With Healthy Ankle, Borbon Back To Climbing Draft Charts
Julio Borbon knew his fractured ankle was behind him on April 20, when Tennessee traveled to Vanderbilt. Borbon led off the Volunteer fourth inning with a line drive down the right-field line. He turned it up a notch rounding first base and dug for third, sliding into the bag feet-first with a triple.
"I didn't even think about it, then I realized when I went back to the dugout, 'Did I just slide feet first?'" Borbon recalls. "I was so caught up in the game, I didn't think about it. I just realized this is the first time I went feet first since I got hurt in January."
It was a catharsis of sorts for Borbon, Tennessee's first-team preseason All-American center fielder and top-of-the-order catalyst. The junior missed eight weeks after fracturing his left ankle in practice Jan. 17, when he slid awkwardly into second base on a play where there wasn't even a throw. Without him, the preseason No. 11 Vols got off to a 3-5 start before padding their record to 12-7 against a soft nonconference schedule.
"I think it made a tremendous difference before we had him and then after we had him back," Tennessee coach Rod Delmonico said. "He's going to hit one or two in our lineup, he's a leader, he plays hard, gets after it, leads on the field. He didn't pick up a bat for eight weeks—that's the longest that young man has ever gone without swinging. He's just starting to get into a groove."
Borbon said the ankle was a little sore after games earlier this season, but now he feels 100 percent, like nothing ever happened. And if he felt tentative at all about sliding feet first in the wake of his injury, that's now gone, too.
The health of Borbon's ankle was one of the season's most important questions, to scouts as well as to the Volunteers. Speed is a huge part of his game, a major reason Borbon entered the season with a chance to be among the first 10 players drafted in June. He has been clocked as fast as 6.28 seconds in the 60-yard dash on Tennessee's scout day last fall, a major improvement from his freshman year time of 6.7 or 6.8 seconds.
Delmonico attributes the extra burst to Borbon's strict adherence to a running program between his freshman and sophomore years.
Borbon established himself as a vital cog in Tennessee's 2005 College World Series team, batting .350 with 12 stolen bases in 14 attempts, but he elevated his game to the next level his sophomore year, hitting .366/.412/.481 with 19 steals in 25 tries. That summer for Team USA, Borbon drew raves from scouts, who compared him to Johnny Damon for his speed, smooth defense in center field, ability to hit with authority to all fields from the left side or lay down a drag bunt, and even his below-average arm. He finished second on the team with a .345 average and flashed developing power, swatting four home runs.
"I think every time Borbon puts a uniform on, he gets better," Team USA coach Tim Corbin said last summer. "He's talented, but his talent is getting better and better and better all the time. He competes, doesn't let at-bats overwhelm his mind. History is history with him."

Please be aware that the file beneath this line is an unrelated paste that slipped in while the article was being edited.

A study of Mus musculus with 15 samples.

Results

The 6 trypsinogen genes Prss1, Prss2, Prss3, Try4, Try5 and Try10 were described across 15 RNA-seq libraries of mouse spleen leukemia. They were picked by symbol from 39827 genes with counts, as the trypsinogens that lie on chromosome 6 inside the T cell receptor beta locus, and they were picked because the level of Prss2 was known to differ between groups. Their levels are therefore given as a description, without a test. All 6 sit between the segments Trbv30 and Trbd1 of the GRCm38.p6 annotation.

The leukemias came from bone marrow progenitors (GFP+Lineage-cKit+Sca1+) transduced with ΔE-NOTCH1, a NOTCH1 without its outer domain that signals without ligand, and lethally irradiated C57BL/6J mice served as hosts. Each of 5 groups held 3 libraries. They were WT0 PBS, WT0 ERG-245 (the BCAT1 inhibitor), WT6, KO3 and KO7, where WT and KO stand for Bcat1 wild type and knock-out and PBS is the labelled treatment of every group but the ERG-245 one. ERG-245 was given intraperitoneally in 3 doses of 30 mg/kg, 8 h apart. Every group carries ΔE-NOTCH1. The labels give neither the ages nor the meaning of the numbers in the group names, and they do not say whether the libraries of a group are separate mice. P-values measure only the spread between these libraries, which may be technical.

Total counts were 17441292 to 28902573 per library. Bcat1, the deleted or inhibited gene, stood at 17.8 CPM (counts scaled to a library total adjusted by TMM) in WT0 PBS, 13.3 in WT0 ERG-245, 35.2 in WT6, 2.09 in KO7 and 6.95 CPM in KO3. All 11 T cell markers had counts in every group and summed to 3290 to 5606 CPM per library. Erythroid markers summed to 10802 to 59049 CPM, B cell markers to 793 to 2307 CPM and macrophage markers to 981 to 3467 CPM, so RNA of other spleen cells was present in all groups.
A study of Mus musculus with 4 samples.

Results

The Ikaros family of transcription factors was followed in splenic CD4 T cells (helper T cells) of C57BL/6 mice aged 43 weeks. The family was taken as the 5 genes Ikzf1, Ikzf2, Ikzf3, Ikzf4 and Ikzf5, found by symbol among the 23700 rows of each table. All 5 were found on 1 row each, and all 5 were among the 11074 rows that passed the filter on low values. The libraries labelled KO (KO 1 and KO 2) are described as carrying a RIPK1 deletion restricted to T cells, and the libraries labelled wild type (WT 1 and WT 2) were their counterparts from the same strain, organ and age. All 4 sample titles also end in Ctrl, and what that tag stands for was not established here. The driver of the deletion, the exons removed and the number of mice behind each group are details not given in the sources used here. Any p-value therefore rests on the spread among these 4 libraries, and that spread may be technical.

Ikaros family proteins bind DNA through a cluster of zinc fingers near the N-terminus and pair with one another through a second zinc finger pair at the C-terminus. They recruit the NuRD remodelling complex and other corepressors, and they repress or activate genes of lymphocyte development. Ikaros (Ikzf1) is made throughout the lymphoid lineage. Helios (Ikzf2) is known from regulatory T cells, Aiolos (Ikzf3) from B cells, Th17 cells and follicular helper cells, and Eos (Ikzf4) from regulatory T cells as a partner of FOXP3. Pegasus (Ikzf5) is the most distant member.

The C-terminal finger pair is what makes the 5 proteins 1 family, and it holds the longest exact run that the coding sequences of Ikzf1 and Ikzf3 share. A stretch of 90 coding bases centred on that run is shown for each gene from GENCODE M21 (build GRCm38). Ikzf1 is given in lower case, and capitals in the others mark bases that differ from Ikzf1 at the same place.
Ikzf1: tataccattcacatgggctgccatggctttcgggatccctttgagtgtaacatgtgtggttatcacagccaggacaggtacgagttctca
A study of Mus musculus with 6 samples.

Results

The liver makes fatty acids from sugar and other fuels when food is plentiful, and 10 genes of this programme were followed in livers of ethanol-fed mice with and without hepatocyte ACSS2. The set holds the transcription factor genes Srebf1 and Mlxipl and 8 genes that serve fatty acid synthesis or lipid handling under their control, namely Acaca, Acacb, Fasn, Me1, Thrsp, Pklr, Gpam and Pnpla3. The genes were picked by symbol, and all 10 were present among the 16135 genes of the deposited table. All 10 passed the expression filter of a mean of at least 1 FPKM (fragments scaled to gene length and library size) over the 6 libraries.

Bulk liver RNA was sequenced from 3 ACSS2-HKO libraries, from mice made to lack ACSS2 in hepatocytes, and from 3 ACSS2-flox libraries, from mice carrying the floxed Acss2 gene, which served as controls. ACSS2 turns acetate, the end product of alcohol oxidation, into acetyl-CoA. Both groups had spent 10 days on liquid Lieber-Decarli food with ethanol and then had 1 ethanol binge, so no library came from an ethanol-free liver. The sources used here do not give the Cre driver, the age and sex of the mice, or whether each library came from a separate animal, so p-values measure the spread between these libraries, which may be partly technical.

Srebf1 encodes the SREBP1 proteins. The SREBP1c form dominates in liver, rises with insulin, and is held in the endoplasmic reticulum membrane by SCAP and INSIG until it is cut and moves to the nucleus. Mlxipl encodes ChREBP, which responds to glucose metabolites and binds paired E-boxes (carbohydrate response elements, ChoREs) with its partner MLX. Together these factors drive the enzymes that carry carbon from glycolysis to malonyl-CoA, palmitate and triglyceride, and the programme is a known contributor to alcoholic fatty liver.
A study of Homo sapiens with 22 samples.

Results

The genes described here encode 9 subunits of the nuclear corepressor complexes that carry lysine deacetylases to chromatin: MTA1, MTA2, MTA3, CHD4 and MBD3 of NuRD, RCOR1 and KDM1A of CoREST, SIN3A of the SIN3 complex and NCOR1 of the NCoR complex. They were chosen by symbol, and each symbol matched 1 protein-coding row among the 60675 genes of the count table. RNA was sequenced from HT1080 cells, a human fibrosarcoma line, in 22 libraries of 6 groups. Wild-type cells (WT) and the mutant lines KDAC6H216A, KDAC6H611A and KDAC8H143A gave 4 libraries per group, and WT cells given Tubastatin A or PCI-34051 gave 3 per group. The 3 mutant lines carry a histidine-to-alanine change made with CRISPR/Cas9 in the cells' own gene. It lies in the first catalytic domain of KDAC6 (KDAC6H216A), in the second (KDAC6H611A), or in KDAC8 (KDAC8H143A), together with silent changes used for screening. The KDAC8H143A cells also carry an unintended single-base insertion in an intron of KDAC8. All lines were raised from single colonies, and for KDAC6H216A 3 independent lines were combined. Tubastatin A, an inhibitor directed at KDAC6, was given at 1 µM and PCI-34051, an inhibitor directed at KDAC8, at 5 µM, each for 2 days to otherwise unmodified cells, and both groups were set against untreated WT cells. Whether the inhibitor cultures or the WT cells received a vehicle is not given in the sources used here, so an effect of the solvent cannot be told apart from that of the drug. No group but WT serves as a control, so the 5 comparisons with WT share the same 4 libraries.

Borbon's history is pretty unusual for a college baseball player. He was born in Starkville, Miss., where his father was working on his doctorate degree in agriculture at Mississippi State, and Borbon remembers going to see the Bulldogs play when he was 2 or 3 years old. But Borbon's father took a job working for the government of his native Dominican Republic when Borbon was 4, so the family moved to Santo Domingo. Borbon grew up playing with and admiring older Dominican players like Pirates third baseman Jose Bautista, Reds Double-A shortstop Enrique Cruz and White Sox Double-A outfielder Ricardo Nanita.
When Borbon was a sophomore, Delmonico came to Santo Domingo to see another player in Borbon's league, but Borbon jumped out to him.
"I watched him take BP and he swung the bat really well, a good quick swing, and I was impressed with the way he handled the bat," Delmonico says. "I never got to see him run—I could tell he was quick, but I didn't know how quick he was."
Borbon also proved a quick study. Though he heard some English in classes and in movies, Borbon said he spoke Spanish 95 percent of the time. But after he eschewed professional contract offers and signed on with the Volunteers, he picked up the language quickly. An excellent student, Borbon was Tennessee's nominee for the SEC Baseball Scholar-Athlete of the Year award in 2006, and Delmonico said he had a 4.0 grade-point average this semester. Listening to the gregarious Borbon speak, it's nearly impossible to tell that English was not his primary language until he turned 18.
But learning new things has never been a problem for Borbon, off the field or on. As a freshman, Borbon struggled against lefthanded pitching, batting just .197. He worked hard on staying back on the ball and using the opposite field, and he learned to lay down more bunts against lefties, and he improved to .290 against southpaws as a sophomore.
"My coach who told me my freshman year to bunt all the time, and now he's telling me when not to," Borbon said. "I'm trying to use my speed every chance I can. If I have a slight chance to make it to first by laying one down, there's no doubt I'm doing it. It just tells you how much you've improved when now coach is telling you when not to bunt."
Now that Borbon is back to full strength and has 34 games under his belt (during which he has batted .327/.353/.476 with eight steals in 10 attempts), major league scouts can get back to dreaming about what the certain first-round pick is capable of in professional ball.